By: Cameron Johnson | Editorials in Motherboards | Posted: May 10, 2003 4:00 am
TweakTown Rating: 9.0%Manufacturer: Chaintech

Features of the Chaintech 9CJS Zenith


Package and Contents



First off let me say that Chaintech know how to include a great package.


They ship the 9CJS in a very large box that doubles as a carry case for you to transport your board home from your favourite computer store. Inside is where you see the goodies. Chaintech ships as standards the board, User Manual, two Rounded IDE Cables, one Rounded Floppy Disk Cable, two Serial ATA cables with two Serial ATA Hard Disk Power Converters, Driver CD, Value Pack CD, C-Box 3, IR Remote Control, CMR Expansion Card and a Interchangeable screw driver set.


The Chaintech user manual is well documented with explanations for properly configuring of Dual Channel memory, installation of all case cables and full locations for all the peripherals onboard. The rounded cables provided are extremely long that allows for you to install the board into large cases with huge space requirements.


The Board, Layout and Gripes



Chaintech uses a silky brown PCB for its new Zenith motherboards. The 9CJS comes with one AGP slot that supports AGP revision 3.0 compliant cards. This means 4x and 8x cards only, similar to the E7205 and other AGP 8x supporting chipsets. Five PCI slots are included for adding in your own sound cards, external ATA controllers and any other PCI devices you may wish to install.


A new addition to the Chaintech line-up is the Chaintech Multimedia Riser Slot or CMR, as Chaintech calls it. This new slot is a CNR slot placed in reverse. This slot acts as an interface for the Chaintech CMR expansion card. We will go over this card a bit later in the review but for now we can say this slot only supports the CMR card from Chaintech, this means no other cards can go into this nor can the CMR card be used in any other boards on the market.


Chaintech have followed a few motherboard manufacturers in that they have colour coded their DIMM slots. Two of them are blue and while the other two are black. This lets you know how to pair up the memory, two identical modules go into the blue and two identical go into the black to fully populate the motherboard, this makes troubleshooting any memory configuration problems very easy.


Placement of connectors is pretty much similar to most other motherboards on the market, so there is no disadvantage with the Chaintech board over the others. Located behind the DIMM slots is the 20pin ATX connector. This keeps the larger ATX cable well away from the heatsink. Located just above the 20pin connector is the Floppy Disk connector. This allows for installation in large cases with high Floppy bay locations. The four pin connector is located between the Northbridge and the I/O panel like most Pentium 4 boards. This does place the cable over the heatsink and can obstruct the air slow around and CPU hence reducing overclocking potential.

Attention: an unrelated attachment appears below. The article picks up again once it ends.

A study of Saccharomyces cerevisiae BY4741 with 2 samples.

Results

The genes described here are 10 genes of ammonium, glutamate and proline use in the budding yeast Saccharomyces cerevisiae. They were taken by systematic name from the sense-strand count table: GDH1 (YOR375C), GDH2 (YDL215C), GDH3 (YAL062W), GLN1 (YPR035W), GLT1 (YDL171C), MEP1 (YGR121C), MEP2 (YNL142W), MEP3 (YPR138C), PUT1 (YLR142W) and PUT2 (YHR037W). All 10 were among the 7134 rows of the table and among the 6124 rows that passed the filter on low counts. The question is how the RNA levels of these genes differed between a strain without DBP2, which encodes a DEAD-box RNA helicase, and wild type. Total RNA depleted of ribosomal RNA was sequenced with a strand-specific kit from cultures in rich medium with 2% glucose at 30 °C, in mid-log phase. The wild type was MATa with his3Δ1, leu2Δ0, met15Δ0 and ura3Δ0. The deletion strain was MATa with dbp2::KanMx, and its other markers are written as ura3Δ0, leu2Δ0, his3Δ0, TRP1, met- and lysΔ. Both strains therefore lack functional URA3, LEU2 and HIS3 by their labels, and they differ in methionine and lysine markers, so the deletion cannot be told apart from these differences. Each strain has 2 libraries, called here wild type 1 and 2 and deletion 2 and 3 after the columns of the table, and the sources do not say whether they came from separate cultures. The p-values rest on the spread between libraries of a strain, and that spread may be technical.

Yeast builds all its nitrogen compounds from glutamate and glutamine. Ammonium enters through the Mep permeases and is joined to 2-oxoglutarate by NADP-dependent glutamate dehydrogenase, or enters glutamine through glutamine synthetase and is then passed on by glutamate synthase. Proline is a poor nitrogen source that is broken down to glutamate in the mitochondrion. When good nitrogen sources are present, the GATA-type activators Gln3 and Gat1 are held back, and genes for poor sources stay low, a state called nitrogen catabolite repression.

I875P, Intel's new Powerhouse



The release of the Canterwood chipset from Intel finally brought out what consumers have wanted from Intel for some time.


Intel has been very conservative in the DDR department - It took Intel well over three months after the full on validation of DDR-333 memory to use it with the I845PE. This time Intel makes a bold stand. Before SiS or VIA officially validated DDR-400 memory, Intel has taken it on as their ultimate memory solution. Installation in Dual Channel gives a total Bandwidth of 6.4GB/s, which is identical to the requirements of the 800MHz FSB Pentium 4 CPU. Add to this the support for AGP 8x and you have a complete product, however this is not the first AGP 8x chipset from Intel, remember the E7205 was the first chipset to support both DDR and AGP 8x for Intel Pentium 4.


Another feature of the I875P which will be unique is the new Performance Acceleration Technology. If you would like to find out more on this, visit our Canterwood review which you will find here.


Paired with the new ICH5R Southbridge, Intel finally brings Serial ATA to the desktop as standard. Intel were amongst the big pushers for the Serial ATA standard but has taken well over five months to even add a Serial ATA controller to their desktop motherboards. Now with the ICH5R, Intel adds it native to the desktop platform. Two Serial ATA 150 ports are available for use in either RAID or ATA mode, allowing for up to six drives, four via normal IDE and two on the Serial ATA ports. ICH5R also adds eight USB 2.0 ports and AC'97 Audio. Intel has dropped the Pro100 Ethernet from the ICH5 series due to its new CSA bus on the I875P Northbridge.





To add to the already impressive support, Chaintech throw the VIA VT6306 Firewire controller chip for good measure. The VIA VT6306 has proven to be a great cost affective Firewire controller with support for up to three Firewire ports. Two of the ports are located on the CMR card and one is located on the C-Box 3 for front panel access.